One of the things that I find great about UK agriculture is that it’s very inclusive. From allotment dwellers and smallholders to large-scale farms – no matter how big or small one’s operation is – there is a place for everyone and an important part for everyone to play. Every player’s contribution is vital to the overall success of British farming. It also proves that any operation can thrive with good business sense and effective marketing.
Large scale agri-businesses help feed a nation. They are the ones who can produce the food we need on the scale we need it, and at a level of efficiency that meets the needs of cost-conscious consumers. Large farms are also the ones making huge strides into greener farming methods that will have a very real, tangible benefit.
I’ve read many blogs and articles and heard many “experts” talk about how smallholdings are the answer to greener agriculture and how we should all hit the allotments or became smallholders and eat what we produce. I think, fundamentally, that’s asking a lot of smallholders and such a burden is unfair – agriculture can produce the scale of food at an efficiency and cost that smallholdings just can’t match.
As a nation, we probably need to work to update the public’s prevailing view of smallholders. When someone mentions smallholdings, it’s amazing how quickly Tom and Barbara Good are referenced. You only have to search online for “smallholders uk” and every other search result mentions “the Good Life” in the headline.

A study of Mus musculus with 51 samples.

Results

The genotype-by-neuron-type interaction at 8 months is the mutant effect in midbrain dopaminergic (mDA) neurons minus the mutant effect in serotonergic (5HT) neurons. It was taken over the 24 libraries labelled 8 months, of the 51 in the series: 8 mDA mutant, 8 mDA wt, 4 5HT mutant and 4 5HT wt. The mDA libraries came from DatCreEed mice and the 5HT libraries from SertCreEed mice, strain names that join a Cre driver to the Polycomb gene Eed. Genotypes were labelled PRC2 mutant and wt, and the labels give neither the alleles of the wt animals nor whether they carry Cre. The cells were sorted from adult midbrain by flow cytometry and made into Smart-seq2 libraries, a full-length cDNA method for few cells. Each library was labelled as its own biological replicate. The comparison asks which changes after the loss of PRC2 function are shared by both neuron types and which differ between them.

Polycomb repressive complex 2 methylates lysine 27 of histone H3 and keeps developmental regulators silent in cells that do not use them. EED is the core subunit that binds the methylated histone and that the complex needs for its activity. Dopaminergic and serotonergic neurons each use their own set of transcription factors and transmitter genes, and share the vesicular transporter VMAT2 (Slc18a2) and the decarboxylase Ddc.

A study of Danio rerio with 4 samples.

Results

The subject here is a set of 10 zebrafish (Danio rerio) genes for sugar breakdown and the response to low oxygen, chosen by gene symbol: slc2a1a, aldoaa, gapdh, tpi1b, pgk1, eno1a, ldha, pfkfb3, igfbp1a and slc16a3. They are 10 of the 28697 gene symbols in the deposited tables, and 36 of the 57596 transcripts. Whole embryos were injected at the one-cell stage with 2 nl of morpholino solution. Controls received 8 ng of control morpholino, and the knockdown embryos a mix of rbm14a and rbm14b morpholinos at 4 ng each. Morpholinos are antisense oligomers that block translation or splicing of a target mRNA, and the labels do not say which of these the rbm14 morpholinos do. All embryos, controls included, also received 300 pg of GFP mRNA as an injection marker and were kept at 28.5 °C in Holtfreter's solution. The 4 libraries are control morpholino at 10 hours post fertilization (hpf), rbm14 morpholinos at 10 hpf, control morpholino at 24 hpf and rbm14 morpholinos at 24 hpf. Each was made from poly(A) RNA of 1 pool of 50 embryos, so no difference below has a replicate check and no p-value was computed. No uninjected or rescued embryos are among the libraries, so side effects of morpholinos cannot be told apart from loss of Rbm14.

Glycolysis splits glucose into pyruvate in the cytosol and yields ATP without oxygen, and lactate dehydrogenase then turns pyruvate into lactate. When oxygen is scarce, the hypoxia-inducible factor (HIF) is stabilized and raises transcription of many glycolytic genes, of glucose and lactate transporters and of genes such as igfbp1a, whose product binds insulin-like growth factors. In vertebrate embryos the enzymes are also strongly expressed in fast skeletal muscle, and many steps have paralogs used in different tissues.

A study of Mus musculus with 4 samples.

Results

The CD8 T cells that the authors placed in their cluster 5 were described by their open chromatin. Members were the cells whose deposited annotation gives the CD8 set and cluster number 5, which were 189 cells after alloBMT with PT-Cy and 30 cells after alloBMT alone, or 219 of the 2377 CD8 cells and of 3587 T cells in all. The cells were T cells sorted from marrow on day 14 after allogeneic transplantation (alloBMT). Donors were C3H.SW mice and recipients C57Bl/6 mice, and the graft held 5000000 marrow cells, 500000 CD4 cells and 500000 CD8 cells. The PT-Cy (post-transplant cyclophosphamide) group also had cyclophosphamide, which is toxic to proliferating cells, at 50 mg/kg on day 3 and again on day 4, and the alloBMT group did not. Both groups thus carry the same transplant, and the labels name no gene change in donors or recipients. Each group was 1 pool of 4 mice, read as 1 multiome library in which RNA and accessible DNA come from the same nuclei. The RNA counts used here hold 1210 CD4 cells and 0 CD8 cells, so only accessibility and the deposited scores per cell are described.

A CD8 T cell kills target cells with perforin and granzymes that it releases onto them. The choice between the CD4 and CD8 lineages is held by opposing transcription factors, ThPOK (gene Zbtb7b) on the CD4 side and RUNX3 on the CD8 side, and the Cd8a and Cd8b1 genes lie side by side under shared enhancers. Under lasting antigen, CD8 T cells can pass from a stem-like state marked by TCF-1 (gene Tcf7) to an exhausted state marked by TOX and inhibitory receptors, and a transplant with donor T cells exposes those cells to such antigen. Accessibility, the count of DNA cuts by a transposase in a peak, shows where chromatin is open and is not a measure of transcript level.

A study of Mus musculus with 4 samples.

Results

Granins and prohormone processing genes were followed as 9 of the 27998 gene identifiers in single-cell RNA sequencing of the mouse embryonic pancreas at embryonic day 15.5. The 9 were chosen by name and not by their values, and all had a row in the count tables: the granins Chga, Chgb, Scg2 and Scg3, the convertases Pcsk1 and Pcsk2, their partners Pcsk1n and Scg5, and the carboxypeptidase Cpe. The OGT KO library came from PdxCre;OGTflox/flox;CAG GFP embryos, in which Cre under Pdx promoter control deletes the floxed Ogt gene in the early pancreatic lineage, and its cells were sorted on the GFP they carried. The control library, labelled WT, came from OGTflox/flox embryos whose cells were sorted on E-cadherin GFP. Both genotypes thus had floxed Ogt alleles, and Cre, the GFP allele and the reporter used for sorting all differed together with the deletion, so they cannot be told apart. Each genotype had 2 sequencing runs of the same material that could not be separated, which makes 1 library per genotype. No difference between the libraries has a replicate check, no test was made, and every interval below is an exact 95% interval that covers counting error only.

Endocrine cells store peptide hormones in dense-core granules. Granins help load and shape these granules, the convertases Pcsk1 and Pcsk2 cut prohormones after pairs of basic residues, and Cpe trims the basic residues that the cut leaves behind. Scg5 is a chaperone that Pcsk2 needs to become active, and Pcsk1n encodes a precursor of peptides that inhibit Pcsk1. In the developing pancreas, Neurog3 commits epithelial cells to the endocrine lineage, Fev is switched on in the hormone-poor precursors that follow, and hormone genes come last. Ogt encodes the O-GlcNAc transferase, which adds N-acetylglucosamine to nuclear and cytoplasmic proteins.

Now I’m in my mid-40s, so I do get the reference to the classic Brit sitcom about the ups and downs Tom and wife Barbara experience when they attempt to escape commercial living by becoming totally self-sufficient in their home in Surbiton. I get it – but it’s time to move on for one key reason. Smallholders aren’t really about self-sufficiency anymore – at least, not in the sense of escaping modern commercial living.
As a regular at many of the Yorkshire and Lincolnshire’s glorious farmers’ markets, I do make the point of talking to producers to find out more about their wares and about how their smallholding works. Based on what I’ve heard and researched, I suspect very few smallholdings are given over 100% to food production. I also suspect that very few smallholdings provide full-time occupation level income to the smallholders. And you know what? That’s okay.
In my experience, the most successful smallholders are the ones producing an artisan product for a niche market. They are very much geared toward quality and using traditional methods, which just wouldn’t be practical or viable to produce on a large scale.
The overwhelming majority of smallholders I’ve spoken with do it because they love it, they are following a passion. And that passion is evident whenever I engage with them at a market.
Having them present at markets, with their excellent produce, engaging with the public, talking passionately, advocating quality, is hugely important to the make-up of the countryside and a huge pull to get people out of the towns and cities to sample a piece of the Good Life (damn it!).